Hewlett-Packard remains in a strong uptrend and is running along the upper Bollinger Band. I'd be a buyer on any pullback to the 50-day moving average. Assuming the stock does pull back to that level, the risk is relatively low because of the proximity of the stop.
IBM sure looks a lot like HPQ, doesn't it? The stock is running along the upper Bollinger Band on above-average volume. All the secondary indicators are bullish and pointing to higher price levels. The one thing that concerns me is that the stock closed at $100. This obvious level could hold a lot of supply, as traders who bought from lower levels decide to take some off the table and lighten their positions a bit. But the possibility of profit-taking shouldn't be enough to prompt a sale of this winner. Instead, I'd suggest keeping a trailing stop in place to protect profits.
Intel is churning right at the 50-day MA, but I'm seeing some disturbing developments. The most recent low was below the November low, and if this stock now pulls back to test the $20 level, that would form a lower high. Buying after a lower low and lower high is not the best strategy, so I'd wait for the stock to re-establish the uptrend before buying.
Johnson & Johnson is forming a very subtle bullish right triangle -- but the price differential within the series of higher lows is so small that I don't put much faith in the pattern. There are a couple of prominent characteristics that make me a bit cautious on JNJ. First, the negative money flow is really a confirmation of the transition from above to below the 50-day moving average. Combined with a deteriorating accumulation-distribution line, I think that JNJ is doing more than just "bouncing along the moving average" -- I think it is under more serious distribution that could take the stock down below $65. But with that said, $65 remains a key support level, and if you sell the stock now, you are selling it for reasons other than what that chart is telling you. As long as the stock stays above the November low, it is simply consolidating in the aftermath of a multimonth advance.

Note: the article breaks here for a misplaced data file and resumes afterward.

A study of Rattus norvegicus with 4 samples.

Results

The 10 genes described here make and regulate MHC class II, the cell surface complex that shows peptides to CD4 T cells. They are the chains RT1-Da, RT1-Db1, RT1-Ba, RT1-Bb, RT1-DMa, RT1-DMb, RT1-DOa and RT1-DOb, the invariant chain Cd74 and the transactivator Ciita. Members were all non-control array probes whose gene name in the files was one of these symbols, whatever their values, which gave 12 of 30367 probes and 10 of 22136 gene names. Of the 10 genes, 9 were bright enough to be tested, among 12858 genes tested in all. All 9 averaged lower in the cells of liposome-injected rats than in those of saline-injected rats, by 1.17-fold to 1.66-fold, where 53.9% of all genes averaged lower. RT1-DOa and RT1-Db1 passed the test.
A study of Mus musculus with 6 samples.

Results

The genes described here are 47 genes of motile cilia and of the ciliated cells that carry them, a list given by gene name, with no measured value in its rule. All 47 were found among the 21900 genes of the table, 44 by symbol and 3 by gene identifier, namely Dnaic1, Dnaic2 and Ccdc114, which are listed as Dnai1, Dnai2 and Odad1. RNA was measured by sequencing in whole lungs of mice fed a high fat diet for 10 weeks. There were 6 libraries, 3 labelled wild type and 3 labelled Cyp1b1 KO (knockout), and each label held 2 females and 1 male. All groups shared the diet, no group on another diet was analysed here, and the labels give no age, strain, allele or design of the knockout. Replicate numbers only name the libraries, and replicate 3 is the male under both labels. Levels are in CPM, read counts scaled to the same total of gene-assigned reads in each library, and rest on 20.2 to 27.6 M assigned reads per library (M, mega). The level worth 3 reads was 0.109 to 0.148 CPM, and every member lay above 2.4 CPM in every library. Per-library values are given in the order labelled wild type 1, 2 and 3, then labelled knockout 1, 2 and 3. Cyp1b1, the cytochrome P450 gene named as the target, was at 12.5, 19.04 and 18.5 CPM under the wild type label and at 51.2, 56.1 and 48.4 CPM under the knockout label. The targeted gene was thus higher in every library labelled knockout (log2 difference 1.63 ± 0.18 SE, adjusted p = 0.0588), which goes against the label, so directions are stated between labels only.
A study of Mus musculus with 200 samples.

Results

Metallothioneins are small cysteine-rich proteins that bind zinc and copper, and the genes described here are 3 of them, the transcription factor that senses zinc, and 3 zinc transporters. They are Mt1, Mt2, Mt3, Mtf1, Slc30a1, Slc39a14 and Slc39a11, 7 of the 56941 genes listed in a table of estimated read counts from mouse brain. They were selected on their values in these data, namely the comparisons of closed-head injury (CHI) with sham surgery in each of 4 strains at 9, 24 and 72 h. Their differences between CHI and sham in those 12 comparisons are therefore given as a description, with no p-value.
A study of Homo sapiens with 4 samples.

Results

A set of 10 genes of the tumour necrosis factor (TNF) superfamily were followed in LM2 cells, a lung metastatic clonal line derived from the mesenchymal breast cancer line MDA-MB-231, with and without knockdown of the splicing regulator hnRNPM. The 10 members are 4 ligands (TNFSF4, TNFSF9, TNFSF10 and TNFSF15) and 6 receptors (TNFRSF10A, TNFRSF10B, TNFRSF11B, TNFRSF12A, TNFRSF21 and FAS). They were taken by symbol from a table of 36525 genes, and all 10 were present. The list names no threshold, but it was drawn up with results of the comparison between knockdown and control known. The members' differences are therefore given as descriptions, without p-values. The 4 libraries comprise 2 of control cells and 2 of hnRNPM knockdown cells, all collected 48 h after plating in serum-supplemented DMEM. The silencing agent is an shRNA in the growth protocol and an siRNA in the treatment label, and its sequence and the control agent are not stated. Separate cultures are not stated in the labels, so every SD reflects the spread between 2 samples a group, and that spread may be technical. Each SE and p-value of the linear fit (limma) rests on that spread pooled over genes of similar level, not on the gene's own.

The late-November pullback below the 50-day moving average was quickly remedied by a rash of buying that took the stock back into its established uptrend. The last two weeks have seen a slight pullback that's actually pretty healthy for this stock. I've drawn the horizontal line over the resistance level back in October through early December. After breaking above that level, JPM is now pulling back to test it as support. But in light of the late-November pullback to around $45, I think any long positions could be protected by a loose stop just below $45.
Notice how each horizontal resistance line on the Coca-Cola chart occurs on top of a period of low volatility. Breakouts from these volatility squeezes tend to be dramatic and produce quick gains for those who are quick to buy. I'd keep track of KO and take some stock only if it closes above $49. Be careful out there.